Students who've worked hard to get into prestigious colleges don't seem to have enough to do once they get there, writes Rick Hess, education policy director for the American Enterprise Institute.
While students at community and commuter colleges run between jobs and classes, "students at Stanford, Columbia, Princeton, Cornell, MIT, and Yale find the time to tear down posters of kidnapping victims, bully fellow students, cheer calls for genocide, conduct sit-ins, and make all those pro-Hamas posterboard signs," he writes.
Worried about students' social and emotional health, elite colleges have lowered expectations for academic rigor, Hess writes. Grade inflation has soared, especially in non-STEM programs. More than 80 percent of Yale students in "women’s studies; gender and sexuality studies; education; ethnicity, race, and migration studies; and African-American studies received semester grades of A," last year. "In economics, engineering, and math, the figure was a less otherworldly 50 or 55 percent."
Students complain of the pressure, but few are working hard for their A's, he writes. In a survey last year, 64 percent of four-year college students said they put "a lot of effort" into school, yet less than a third of "self-described hard workers" spend even two hours a day studying. "We’ve normalized a college culture in which students believe that 20 or 25 hours of class and study time combined constitutes a full week."
. . . elite college students have come to see academic work as an intrusion on the things that really matter to them. In the Daily Princetonian, a student recently lamented that the “mindless pursuit of academic rigor,” professors “known for assigning 200 or more pages of reading each week,” and “extremely time-intensive problem sets” mean that Princeton students “are often described by campus activists to be far less engaged with political protests than students at peer institutions."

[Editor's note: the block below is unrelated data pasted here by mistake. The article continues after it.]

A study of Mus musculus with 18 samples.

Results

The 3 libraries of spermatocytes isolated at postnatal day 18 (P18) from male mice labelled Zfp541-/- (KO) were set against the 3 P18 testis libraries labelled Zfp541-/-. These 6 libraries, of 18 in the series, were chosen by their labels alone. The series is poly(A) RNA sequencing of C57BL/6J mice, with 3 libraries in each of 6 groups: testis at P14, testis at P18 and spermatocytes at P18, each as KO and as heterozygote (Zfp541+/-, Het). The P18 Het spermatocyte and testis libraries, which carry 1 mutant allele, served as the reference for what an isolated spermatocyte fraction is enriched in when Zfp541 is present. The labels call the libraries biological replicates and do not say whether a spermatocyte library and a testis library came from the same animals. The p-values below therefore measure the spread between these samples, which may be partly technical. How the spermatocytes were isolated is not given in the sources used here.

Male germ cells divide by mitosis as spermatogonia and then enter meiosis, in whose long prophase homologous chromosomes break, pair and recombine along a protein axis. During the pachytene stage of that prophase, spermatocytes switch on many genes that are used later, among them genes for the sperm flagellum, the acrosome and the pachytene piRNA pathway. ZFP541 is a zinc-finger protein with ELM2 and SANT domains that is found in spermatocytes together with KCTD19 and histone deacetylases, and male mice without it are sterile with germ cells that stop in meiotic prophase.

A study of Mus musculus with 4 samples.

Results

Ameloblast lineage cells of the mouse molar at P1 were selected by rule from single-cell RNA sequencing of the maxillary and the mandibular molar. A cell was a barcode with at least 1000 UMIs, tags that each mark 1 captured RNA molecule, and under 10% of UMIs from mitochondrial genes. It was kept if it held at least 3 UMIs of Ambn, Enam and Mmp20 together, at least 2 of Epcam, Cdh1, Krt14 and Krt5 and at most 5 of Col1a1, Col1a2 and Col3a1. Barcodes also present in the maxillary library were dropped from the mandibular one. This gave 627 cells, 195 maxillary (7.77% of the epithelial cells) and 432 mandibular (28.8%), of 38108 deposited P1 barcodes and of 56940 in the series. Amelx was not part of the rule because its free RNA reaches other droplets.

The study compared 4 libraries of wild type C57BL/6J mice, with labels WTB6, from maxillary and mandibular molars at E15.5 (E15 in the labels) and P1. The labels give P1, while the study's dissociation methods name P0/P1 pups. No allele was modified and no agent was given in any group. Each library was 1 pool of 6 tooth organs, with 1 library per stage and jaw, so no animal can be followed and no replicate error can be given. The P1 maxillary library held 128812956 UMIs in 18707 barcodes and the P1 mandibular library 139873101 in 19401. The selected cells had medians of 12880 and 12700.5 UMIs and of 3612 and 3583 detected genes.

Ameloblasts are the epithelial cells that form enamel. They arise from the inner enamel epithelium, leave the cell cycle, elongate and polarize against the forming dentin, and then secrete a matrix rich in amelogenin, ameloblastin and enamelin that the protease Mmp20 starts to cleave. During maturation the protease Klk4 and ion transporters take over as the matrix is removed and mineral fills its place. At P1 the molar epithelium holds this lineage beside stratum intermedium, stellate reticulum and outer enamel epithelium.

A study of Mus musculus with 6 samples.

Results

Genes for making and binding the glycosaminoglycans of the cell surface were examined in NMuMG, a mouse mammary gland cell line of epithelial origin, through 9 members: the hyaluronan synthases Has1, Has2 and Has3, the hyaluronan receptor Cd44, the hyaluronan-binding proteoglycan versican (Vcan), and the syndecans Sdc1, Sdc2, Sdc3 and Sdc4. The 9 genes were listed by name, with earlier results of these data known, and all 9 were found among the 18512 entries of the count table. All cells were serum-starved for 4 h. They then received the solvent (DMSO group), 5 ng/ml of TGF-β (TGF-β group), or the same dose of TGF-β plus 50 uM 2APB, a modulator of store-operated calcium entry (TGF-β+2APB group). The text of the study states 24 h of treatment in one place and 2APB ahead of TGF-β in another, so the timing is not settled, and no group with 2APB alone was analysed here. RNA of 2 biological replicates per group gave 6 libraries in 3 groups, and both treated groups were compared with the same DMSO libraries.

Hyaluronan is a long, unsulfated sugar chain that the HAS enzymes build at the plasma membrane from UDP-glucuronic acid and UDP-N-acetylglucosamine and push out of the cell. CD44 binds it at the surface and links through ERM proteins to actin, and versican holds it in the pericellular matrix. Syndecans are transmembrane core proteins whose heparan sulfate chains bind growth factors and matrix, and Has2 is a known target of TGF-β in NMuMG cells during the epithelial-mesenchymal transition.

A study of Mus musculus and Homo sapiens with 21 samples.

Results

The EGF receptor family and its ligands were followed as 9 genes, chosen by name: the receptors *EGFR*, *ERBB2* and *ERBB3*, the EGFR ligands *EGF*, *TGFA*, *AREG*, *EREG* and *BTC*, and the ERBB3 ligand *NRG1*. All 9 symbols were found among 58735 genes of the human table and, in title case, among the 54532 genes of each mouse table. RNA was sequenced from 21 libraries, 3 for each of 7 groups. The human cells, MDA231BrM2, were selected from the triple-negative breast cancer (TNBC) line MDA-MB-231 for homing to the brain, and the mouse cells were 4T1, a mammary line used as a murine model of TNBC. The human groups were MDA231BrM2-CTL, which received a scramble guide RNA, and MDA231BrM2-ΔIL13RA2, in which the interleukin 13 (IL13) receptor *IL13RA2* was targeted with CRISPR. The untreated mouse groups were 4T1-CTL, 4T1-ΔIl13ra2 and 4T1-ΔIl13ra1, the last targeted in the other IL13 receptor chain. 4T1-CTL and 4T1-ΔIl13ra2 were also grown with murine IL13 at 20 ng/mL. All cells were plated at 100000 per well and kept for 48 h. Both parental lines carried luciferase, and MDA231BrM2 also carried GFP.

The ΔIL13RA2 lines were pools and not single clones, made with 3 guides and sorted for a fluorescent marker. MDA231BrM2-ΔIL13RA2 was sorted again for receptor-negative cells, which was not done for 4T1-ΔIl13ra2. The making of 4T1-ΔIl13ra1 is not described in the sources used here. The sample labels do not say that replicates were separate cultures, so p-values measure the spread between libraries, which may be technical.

Teen-agers and young adults are spending less time with friends, more time online, reports the surgeon general in warning about an "epidemic of loneliness and isolation."
"Increasingly, digital life has crowded out fraternities and sororities, activities like club sports and TV watch parties, and even dating and keg parties," writes Hess.
Young people are less likely to connect with others on the job. In the 1980s, 82 percent of college students had full or part-time jobs. That's down by half.
Lonely, idle and lacking a sense of purpose, "students seeking real-world companionship and belonging" turn to protest, he writes.
Hess wants colleges to reset the culture by raising expectations. Full-time students should be told they need to work a 40-hour academic week, including classes and studying, and trustees should look at annual surveys of "student workloads, audits of course assignments, and examinations of grades and grading practices" to ensure professors aren't going easy on students.
Cutting graduation requirements and pushing students to work harder would enable students to complete a bachelor's degree in three years, saving money and time, he writes.
Finally, Hess wants graduate schools and employers to stop treating "fancy diplomas as a proxy for merit, talent and work ethic." Ending credentialism in favor of looking at experience and skills would encourage students to build experience and skills.